A lunch menu that begs for exploration

0
277

by Eric Ginsburg

This is the kind of menu that tempts me to order something different every time I come in.

Not many people have found the restaurant, set back off Lawndale Avenue across from the Target shopping center and not far from Southern Lights Bistro. Not yet, at least.

Kirkwood Kitchen & Bar is a new restaurant focused on American food with an unusually high selection of craft beers. And despite an intriguing cocktail menu, the most exciting aspect of Kirkwood is the lunch menu. Though the French dip sandwich with smoked beef was underwhelming, the Standard, a Lexington-style, hot pulled-pork sandwich, is definitely worth ordering again.

But with a grilled portobella burger on the menu, served with sautéed spinach, mozzarella and a generous clump of tomato chutney, I made the right call to continue exploring. The juiciness of the mushroom cap mixed with the savory greens, melted cheese and the jam-like chutney to create a delicious concoction, complemented well by salted sweet potato fries.

It will be harder to stray from the portobella burger, a filling and relatively healthy option, though at some point curiosity will get the better of me and I’ll order the beer-battered fried fish, Kirkwood burger with roasted poblano pepper or turkey club. But first I’d likely work my way through the flatbreads, starting with the barbecue brisket and jumping to the spicy smoked sausage with roasted red pepper before finishing with the mushroom, caramelized onion and mozzarella option.

There are a fair number of salad choices too — five — including an impressive kale Caesar salad with spiced pumpkin seeds and shaved Parmesan that is all the better with the addition of chicken. For dinner, most of the salads, all the flatbreads and the three burgers including the portobella remain. Filling out the menu are a rack of ribs, shrimp and grits, a New York strip, sliders and a few other selections.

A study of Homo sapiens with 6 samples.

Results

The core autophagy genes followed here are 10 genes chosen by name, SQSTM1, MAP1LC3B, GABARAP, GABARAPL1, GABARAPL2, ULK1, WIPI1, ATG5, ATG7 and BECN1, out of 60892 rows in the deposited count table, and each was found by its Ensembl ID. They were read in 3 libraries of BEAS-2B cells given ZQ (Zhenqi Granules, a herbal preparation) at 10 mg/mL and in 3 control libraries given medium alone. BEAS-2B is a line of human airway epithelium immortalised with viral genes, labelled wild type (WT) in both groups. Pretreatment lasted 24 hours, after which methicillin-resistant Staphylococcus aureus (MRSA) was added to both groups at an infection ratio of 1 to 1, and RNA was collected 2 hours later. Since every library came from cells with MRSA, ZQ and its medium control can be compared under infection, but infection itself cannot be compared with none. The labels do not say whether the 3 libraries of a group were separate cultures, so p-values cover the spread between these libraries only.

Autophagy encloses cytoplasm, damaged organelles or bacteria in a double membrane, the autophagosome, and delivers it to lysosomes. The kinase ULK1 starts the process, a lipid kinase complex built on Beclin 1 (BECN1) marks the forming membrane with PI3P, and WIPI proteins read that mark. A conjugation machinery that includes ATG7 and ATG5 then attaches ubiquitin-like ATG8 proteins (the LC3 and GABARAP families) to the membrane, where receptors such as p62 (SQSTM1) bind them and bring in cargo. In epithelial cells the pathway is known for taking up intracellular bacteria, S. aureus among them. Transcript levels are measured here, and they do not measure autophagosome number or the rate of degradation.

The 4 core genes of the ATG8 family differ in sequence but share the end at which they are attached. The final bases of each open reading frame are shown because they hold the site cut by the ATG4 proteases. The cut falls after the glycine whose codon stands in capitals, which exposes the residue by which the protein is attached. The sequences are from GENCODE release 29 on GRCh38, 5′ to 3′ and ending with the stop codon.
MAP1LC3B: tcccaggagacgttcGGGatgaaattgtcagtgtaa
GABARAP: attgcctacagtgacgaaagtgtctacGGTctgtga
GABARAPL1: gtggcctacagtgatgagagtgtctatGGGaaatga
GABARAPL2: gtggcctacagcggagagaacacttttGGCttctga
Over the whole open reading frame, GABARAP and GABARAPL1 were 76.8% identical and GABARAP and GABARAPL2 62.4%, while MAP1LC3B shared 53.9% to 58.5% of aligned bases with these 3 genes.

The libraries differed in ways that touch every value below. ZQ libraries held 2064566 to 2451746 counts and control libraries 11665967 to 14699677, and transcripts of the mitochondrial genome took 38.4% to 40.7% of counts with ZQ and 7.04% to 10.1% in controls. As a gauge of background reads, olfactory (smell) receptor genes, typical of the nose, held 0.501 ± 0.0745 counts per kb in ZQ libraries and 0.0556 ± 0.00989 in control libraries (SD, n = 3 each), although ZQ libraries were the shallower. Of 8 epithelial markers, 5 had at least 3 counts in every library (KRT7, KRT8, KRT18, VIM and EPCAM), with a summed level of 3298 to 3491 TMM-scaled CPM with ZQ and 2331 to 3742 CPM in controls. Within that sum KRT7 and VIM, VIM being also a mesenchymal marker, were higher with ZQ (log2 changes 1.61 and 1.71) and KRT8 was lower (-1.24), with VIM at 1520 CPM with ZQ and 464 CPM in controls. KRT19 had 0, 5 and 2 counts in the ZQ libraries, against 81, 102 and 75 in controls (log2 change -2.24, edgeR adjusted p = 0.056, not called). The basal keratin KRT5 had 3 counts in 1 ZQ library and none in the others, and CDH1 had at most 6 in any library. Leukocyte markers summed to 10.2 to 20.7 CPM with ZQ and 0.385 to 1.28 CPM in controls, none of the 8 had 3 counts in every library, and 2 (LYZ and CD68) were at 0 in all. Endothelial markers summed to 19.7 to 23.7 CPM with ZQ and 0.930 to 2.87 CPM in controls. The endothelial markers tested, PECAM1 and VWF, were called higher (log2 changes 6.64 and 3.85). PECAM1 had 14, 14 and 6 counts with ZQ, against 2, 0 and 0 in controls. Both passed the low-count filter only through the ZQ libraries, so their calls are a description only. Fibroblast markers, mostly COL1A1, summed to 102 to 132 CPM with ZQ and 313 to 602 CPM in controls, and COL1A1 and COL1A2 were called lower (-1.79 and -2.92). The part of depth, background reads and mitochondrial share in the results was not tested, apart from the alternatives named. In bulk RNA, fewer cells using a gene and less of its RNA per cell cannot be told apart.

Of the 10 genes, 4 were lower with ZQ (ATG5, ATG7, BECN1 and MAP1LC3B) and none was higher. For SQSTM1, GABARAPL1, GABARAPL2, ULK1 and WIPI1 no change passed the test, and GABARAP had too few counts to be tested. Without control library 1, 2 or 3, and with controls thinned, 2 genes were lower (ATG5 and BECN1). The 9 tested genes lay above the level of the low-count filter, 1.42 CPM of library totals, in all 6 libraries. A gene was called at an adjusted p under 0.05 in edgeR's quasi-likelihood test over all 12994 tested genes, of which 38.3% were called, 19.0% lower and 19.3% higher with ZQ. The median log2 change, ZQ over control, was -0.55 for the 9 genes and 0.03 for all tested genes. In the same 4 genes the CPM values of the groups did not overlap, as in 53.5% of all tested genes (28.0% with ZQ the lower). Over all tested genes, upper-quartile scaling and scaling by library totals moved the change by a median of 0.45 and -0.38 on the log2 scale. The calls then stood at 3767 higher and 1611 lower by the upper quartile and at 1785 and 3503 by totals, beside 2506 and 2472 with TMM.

A slice of cheesecake to round out the meal.
A slice of cheesecake to round out the meal.

The bar splits the restaurant in half, confusing some patrons when they first walk in one of the two exterior doors. The upshot is that three seating areas, including a patio, are divided, making a relatively large venue cozier and giving diners options for their experience.

Bar manager Hannah Hawkins — who some locals know from her days behind the bar at 1618 while others recognize as the drummer for punk outfit Daddy Issues — created the cocktail menu here, which is filled with alluring options. Ever had Makers Mark with Angry Orchard and an apple slice? What about Bombay Sapphire with Fever Tree ginger brew, muddled basil and lime? And then there’s the cherry Midnight Moonshine with Cheerwine and lemon or the Knob Creek smoked maple with amaretto, smoked bacon and toasted cherry.

The restaurant is owned by Huong Ni, who also owns the popular Hibachi Café in downtown on South Elm Street as well as Mi Casa Mexican Grill in southern Greensboro. This new venture is a little more refined, aiming at a slightly higher price point, which makes sense given the surrounding neighborhood. Still, the most expensive lunch option is $10, and the restaurant offers half-off wings two days a week.

In some ways Kirkwood Kitchen & Bar may appeal most to the after-work crowd, dropping by for drinks or bouncing between here and Southern Lights. Kirkwood is definitely intent on the evening crowd — given the impressive cocktail menu, large craft-beer selection and half-off wine on Thursdays — but the peacefulness at lunchtime has its own allure.

Visit Kirkwood Kitchen & Bar at 2618 Lawndale Drive (GSO) or at kirkwoodkitchen.com.